Payment cards, like credit and debit cards, are so ubiquitous it seems nearly impossible to think of a time when we didn’t use them. In the grand scheme of things, however, they’re a pretty recent invention. The story of the first credit card begins with a restaurant bill and a forgotten wallet. The story goes like this: a businessman took some clients out to dinner in 1949, forgot his wallet, and the Diners Club Card was born.
While this wasn’t the first payment card issued by a financial institution, it was definitely the beginning of what we now know as the credit card. As credit cards began to be used more and more, there needed to be a way to properly charge and track them. Out of this necessity, the credit card processing machine was born.
The first machines weren’t even machines—at least, not in the way we think of them now. You may remember them, the manual imprinters that made the loud noise when used. Clerks filled out a form, placed the form in the machine, place the card under the form, and ran the imprinter mechanism over the form and card to “imprint” the numbers and name on the form. This form would be signed by the customer and mailed to the bank to receive payment. Some businesses still keep a manual imprinter credit card processing machine on hand in case of communications interruption.
The next evolutionary step in credit card machines was the phone authorisation. Merchants could call a phone number listed on the card, give the credit card number to the representative, and wait for authorisation by verbal confirmation. As you can imagine, this was a lengthy transaction due to wait times, busy signals, and other limitations. As such, this process was typically reserved for larger transactions.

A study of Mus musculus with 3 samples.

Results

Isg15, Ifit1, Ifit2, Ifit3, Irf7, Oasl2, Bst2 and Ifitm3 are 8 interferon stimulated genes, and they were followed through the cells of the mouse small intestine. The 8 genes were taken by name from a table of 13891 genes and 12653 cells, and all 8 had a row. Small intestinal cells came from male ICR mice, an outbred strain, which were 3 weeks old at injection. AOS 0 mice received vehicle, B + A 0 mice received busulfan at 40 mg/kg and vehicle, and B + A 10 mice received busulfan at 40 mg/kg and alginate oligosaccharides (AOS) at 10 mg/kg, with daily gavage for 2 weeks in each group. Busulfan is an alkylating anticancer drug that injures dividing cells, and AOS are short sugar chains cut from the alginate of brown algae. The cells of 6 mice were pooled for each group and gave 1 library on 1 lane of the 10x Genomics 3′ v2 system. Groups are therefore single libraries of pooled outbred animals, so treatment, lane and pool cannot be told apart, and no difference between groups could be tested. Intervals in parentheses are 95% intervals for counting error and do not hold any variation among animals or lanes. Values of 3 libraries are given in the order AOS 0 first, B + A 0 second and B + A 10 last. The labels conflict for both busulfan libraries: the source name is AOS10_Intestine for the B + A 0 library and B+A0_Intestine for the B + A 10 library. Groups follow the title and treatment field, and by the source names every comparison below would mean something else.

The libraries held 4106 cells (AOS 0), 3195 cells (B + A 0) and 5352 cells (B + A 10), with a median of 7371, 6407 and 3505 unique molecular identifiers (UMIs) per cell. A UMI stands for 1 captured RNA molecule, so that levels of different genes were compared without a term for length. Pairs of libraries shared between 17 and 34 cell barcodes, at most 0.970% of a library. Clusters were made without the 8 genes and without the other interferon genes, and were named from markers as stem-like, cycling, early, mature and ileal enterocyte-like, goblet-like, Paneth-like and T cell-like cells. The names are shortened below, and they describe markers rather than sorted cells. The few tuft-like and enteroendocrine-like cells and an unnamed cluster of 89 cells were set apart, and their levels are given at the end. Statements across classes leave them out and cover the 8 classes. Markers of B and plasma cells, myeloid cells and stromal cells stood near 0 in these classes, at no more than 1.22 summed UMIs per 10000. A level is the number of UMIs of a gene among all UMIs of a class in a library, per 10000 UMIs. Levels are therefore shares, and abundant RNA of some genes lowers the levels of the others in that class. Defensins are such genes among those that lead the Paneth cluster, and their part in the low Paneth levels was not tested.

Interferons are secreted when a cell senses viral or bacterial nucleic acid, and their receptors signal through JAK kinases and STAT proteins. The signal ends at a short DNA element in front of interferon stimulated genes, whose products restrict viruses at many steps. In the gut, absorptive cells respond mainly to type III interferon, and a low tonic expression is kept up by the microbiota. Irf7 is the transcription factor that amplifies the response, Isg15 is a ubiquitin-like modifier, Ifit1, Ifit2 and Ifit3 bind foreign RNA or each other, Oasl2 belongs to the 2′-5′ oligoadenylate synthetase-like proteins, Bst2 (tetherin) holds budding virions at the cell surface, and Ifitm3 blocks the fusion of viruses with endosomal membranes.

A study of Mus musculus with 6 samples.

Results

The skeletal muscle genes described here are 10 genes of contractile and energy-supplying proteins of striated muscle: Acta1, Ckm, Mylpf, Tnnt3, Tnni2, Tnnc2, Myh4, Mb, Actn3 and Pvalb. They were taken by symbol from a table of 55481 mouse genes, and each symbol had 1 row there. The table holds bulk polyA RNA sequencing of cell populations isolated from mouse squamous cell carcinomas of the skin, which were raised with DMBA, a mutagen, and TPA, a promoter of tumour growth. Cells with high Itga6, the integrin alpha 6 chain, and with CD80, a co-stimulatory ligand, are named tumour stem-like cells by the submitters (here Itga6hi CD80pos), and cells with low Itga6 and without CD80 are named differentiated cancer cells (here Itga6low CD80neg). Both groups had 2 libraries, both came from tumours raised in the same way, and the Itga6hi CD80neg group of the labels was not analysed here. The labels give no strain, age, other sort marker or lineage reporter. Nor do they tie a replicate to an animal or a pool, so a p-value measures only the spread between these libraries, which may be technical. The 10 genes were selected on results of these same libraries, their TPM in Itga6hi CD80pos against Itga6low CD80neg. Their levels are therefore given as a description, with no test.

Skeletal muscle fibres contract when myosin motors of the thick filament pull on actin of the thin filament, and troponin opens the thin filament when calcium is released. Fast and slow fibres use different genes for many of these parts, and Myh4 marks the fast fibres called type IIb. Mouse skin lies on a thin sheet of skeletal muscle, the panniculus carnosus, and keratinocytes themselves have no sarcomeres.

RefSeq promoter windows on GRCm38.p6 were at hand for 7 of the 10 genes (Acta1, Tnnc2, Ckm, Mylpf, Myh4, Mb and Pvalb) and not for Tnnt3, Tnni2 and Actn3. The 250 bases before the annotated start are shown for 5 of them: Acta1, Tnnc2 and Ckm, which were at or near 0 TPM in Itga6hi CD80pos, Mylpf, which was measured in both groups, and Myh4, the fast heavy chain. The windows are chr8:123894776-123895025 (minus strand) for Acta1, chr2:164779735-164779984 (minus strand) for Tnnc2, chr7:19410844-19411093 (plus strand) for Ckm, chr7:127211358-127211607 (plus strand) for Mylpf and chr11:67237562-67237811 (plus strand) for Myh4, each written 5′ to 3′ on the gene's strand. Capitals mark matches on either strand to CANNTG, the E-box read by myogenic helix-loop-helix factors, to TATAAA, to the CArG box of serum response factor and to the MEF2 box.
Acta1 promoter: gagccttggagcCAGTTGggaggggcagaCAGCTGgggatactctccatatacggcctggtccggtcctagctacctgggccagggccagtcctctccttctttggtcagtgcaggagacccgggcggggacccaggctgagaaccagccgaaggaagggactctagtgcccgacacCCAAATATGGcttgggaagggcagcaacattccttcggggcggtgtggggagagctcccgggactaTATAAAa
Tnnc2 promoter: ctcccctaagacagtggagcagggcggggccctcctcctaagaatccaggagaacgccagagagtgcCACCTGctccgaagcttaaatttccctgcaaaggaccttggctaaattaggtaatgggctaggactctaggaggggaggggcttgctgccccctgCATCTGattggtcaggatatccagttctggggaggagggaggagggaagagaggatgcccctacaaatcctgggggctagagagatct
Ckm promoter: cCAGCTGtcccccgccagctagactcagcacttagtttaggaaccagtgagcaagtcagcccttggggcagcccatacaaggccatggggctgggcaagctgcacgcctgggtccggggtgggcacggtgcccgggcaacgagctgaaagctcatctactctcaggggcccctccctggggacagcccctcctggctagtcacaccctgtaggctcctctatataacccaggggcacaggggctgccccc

The point of sale terminal was introduced by Visa in 1979. This was also the year that MasterCard introduced the magnetic stripe that’s still found on the back of credit cards today. Over the years this technology became better and better, and to a certain degree it’s still the most prevalent credit card processing machine used. The countertop unit found in most brick and mortar stores is based on the point of sale concept.
The Present and Future
We’re now entering a period where credit card processing is changing in dramatic fashion. Mobile swiping devices that attach to smart devices like phones and tablets are creating a more flexible way to accept credit cards. What’s more is that credit cards themselves are changing. Smartphones allow consumers to enter their information into an app or native software program and use their phone as their payment device.
Credit cards are now featuring chips that are read by readers as opposed to magnetic strips that are read by swipe readers. Credit card processing machines are able to read chips, process contactless cards and smart devices, and read magnetic stripes, and they’ll continue to improve how they process credit card transactions.
Ultimately, credit card terminals and credit cards will improve as consumers needs and demands change. At Allied Wallet, we’re dedicated to being on the cutting edge of this technological push. Call us today to learn more about the changing ways merchants can accept and process credit card payments.